By: Lucy Debenham BA (hons) - Updated: 12 Mar 2010 | comments*Discuss
Fetal Alcohol Spectrum Disorder Fasd

Fetal Alcohol Spectrum Disorder (FASD) Or Fetal Alcohol Syndrome (FAS) is an umbrella term that describes the different mental and physical deficiencies that arise as a result of the exposure of an embryo to alcohol consumed by a pregnant woman. Although light and moderate drinking alcohol during pregnancy may not cause this disorder, the risk of the child being born with Fetal Alcohol Spectrum Disorder is still so substantial that UK Department of Health advises not to consume any alcohol at all during pregnancy. The condition is entirely preventable, yet still remains a prevalent cause of birth defects.

How Does Fetal Alcohol Spectrum Disorder occur?

When a pregnant woman consumes alcohol, the alcohol is also passed through her placenta, directly into the developing embryo. This is where the alcohol can begin to interfere, sometimes causing permanent problems with the development of the central nervous system. It can also affect many other functions and developments, including causing stunted growth and facial abnormalities, problems with fine motor skills, organ dysfunction, developmental delay and other primary cognitive functions. The risk of brain damage is present throughout the whole pregnancy, as the brain is constantly developing during this time.

Many of the symptoms associated with Fetal Alcohol Spectrum Disorder can be classed as learning disabilities, which may include poor language cohesion, memory problems, an inability to concentrate, a lack of socialisation skills, hyperactivity and challenging behaviour such as stubbornness and impulsiveness. These in turn may lead to 'secondary' problems, such as anxiety, depression, exclusion, vulnerability to drug habits and other mental health problems.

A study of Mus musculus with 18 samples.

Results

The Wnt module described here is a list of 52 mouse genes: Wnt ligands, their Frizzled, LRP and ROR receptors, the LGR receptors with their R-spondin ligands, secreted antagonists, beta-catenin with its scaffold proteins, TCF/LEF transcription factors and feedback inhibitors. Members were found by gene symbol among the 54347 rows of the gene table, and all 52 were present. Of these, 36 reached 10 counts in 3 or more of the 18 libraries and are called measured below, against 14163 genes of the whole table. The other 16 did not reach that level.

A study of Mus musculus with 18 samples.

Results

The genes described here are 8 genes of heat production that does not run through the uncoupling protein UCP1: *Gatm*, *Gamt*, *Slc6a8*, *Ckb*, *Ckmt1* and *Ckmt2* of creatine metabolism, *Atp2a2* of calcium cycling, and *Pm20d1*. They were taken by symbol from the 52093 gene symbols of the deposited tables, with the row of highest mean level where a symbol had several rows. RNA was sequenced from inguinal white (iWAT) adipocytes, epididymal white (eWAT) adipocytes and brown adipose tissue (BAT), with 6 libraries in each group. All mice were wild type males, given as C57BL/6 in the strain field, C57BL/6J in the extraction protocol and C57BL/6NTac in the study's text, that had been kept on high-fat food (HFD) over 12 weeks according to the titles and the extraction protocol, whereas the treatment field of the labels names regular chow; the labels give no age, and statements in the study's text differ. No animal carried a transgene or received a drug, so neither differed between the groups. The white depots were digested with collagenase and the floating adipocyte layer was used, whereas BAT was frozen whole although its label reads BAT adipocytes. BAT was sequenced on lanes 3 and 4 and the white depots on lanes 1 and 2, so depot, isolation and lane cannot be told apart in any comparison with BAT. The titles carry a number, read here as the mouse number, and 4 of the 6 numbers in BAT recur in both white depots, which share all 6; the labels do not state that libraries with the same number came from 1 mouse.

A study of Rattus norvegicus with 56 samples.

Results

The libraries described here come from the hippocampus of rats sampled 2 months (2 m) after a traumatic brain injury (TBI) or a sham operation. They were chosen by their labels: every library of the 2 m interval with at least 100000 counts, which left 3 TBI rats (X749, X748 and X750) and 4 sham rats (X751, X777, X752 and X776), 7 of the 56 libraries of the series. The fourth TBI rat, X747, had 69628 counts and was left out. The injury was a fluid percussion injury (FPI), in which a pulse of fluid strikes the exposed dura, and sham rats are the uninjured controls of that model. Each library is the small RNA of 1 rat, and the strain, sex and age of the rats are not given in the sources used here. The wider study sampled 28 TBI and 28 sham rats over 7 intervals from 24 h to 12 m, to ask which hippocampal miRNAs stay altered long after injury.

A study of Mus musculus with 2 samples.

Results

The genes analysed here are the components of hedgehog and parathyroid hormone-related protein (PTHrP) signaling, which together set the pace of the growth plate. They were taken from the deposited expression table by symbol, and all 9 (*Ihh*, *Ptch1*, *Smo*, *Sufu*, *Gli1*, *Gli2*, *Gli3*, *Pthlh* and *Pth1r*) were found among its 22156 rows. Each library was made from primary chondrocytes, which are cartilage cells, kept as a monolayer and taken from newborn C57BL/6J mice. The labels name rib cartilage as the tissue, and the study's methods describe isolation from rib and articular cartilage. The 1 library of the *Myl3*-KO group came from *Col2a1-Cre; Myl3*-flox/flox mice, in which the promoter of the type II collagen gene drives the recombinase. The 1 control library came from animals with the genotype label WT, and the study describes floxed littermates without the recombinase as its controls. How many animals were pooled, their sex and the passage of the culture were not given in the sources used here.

How is the Disorder Diagnosed?

Children with Fetal Alcohol Spectrum Disorder may display average or above average intelligence, but their behavioural problems may interfere with their ability to learn effectively. Some instances of FASD may go undetected, with the symptoms becoming more prevalent in adulthood. They may also be misdiagnosed as other learning disabilities or syndromes, such as ADHD.

The characteristics listed previously may lead to a diagnosis of FASD, identified in line with guidelines for diagnosing the condition. But many people with Fetal Alcohol Spectrum Disorder may also display characteristic facial abnormalities. These can include an indistinct philtrum – the groove usually present between the nose and upper lip flattens during prenatal exposure to alcohol - a thin upper lip, and small separation between the upper and lower eyelids. The severity of these facial features is often correlated to the level of brain damage as a result of prenatal alcohol exposure.


There is no cure for Fetal Alcohol Spectrum Disorder. As with any other disability and learning disability, there is support available. As the symptoms, manifestations and severity of Fetal Alcohol Spectrum Disorder can vary from person to person, the type of support for the person will need to be assessed on an individual basis – a person-centred approach. This may vary from individual education plans in learning environments, to ongoing support for individuals and their families from local authorities and health professionals. With the right person-centred approach and appropriate level of support, many children and adults with Fetal Alcohol Spectrum Disorder can often be helped to achieve their potential in life.